PHG Energy of Nashville is designing and building the new waste-to-energy facility for the city of Lebanon, Tennessee. The installation will mark the 14th commercial downdraft gasification unit going online for that company, and will include use of a downdraft gasification unit with a full capacity throughput of 64 tons per day.
Tens of thousands of tons of sewer sludge, used tires and industrial wood waste will be processed there each year, producing electricity to help power the treatment plant and diverting those materials from area landfills.
Gasification is a clean thermo-chemical process that breaks down biomass-based material in a high-heat and low-oxygen environment. There is no incineration or burning involved in the process. The only residue after production of synthetic fuel gas is a carbon biochar that has multiple agricultural, industrial and direct fuel uses.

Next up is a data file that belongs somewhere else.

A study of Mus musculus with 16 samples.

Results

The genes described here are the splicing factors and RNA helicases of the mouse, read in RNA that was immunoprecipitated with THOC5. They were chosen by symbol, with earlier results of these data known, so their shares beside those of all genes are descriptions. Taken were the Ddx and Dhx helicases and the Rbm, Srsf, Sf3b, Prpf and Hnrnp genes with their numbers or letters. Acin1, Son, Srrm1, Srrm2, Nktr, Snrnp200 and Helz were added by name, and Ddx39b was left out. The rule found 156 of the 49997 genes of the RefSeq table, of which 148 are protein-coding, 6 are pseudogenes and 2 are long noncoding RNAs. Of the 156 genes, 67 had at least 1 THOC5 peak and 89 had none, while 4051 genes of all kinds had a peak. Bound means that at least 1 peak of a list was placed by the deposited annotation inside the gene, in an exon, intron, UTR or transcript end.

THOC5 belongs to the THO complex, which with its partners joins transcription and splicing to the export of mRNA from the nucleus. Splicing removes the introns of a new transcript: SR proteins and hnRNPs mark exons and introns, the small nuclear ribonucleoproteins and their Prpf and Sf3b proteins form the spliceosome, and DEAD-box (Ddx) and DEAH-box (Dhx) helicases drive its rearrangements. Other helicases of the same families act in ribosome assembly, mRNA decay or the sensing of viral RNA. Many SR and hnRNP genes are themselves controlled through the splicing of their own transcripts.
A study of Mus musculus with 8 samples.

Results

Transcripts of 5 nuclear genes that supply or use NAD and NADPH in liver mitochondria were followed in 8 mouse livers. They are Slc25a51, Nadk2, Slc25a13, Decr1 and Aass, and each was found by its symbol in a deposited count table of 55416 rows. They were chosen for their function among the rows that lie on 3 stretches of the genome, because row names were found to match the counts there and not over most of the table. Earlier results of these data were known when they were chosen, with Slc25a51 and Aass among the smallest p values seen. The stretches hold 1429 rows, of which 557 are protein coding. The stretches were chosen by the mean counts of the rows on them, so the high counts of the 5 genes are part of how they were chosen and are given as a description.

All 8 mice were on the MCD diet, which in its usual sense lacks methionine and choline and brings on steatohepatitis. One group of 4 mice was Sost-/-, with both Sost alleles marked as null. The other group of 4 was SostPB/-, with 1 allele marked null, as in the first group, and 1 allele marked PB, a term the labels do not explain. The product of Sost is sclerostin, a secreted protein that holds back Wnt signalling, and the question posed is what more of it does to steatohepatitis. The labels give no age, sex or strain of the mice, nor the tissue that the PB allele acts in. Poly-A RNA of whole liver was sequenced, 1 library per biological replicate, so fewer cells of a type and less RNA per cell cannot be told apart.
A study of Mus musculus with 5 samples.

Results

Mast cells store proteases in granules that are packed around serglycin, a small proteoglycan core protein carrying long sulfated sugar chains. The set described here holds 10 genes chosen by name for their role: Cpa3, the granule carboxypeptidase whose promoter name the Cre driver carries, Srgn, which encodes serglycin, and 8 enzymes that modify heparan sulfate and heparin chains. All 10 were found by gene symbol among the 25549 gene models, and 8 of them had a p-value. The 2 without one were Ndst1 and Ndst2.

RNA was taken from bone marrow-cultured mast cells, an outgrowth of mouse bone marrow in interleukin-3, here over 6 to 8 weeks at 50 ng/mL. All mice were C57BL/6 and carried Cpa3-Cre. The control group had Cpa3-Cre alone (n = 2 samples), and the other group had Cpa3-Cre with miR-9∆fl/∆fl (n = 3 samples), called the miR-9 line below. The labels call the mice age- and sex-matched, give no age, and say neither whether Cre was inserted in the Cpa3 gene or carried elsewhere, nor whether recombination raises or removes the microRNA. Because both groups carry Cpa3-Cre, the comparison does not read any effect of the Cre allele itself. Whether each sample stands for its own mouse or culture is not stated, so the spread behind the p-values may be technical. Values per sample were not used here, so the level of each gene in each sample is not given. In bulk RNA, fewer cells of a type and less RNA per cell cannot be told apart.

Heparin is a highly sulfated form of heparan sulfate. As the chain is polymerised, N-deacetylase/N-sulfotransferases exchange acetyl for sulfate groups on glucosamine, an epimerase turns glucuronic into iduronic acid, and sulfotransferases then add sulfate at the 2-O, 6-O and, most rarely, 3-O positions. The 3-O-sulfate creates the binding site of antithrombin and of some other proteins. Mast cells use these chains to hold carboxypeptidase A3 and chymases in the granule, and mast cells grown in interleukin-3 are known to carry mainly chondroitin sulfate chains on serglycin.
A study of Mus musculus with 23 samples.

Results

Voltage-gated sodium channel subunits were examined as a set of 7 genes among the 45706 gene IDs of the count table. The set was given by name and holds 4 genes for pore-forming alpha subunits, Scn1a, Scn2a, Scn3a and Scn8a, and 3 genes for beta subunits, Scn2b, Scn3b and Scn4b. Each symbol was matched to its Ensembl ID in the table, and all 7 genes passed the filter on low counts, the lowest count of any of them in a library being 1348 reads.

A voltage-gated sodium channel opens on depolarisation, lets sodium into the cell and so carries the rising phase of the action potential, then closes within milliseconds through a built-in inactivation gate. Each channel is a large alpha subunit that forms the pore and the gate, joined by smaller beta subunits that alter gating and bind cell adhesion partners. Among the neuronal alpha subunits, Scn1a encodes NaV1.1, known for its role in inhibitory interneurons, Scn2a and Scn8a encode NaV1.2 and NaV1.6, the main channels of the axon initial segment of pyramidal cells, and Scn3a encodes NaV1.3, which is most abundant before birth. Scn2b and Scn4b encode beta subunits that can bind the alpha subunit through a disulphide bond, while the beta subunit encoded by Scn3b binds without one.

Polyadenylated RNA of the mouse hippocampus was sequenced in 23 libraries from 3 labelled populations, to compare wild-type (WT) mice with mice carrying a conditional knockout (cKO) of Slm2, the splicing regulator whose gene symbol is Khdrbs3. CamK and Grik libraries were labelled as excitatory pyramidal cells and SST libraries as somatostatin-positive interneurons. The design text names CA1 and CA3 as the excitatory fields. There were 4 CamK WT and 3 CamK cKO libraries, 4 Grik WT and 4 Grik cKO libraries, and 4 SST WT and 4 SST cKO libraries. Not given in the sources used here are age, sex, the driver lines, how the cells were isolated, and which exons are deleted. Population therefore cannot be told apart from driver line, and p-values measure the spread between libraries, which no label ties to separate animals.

The syngas is used to power an Organic Rankine Cycle generator that will provide for the gasification operation’s internal needs, and deliver up to 200 Kw directly to the operation of the waste plant.
Tom Doherty, Environmental Specialist with the Tennessee, Department of Environment and Conservation, said the new facility is an important step forward in efforts Tennessee and his department are fostering across the state.
“When we look at the thousands of tons of wood waste and sludge this plant will cleanly process, that is a tremendous step forward,” Doherty said. “One of the most exciting parts of deploying this technology in Lebanon is that hundreds or tons of scrap tires will be put to beneficial use while saving Wilson County a considerable portion of their previous disposal expense.”
TDEC has awarded the project funding of $250,000 through the Clean Tennessee Energy Grant program, and facilitated a subsidy of 70 percent of the $3.5 million financing’s interest cost through the Federal Qualified Energy Conservation Bonds program.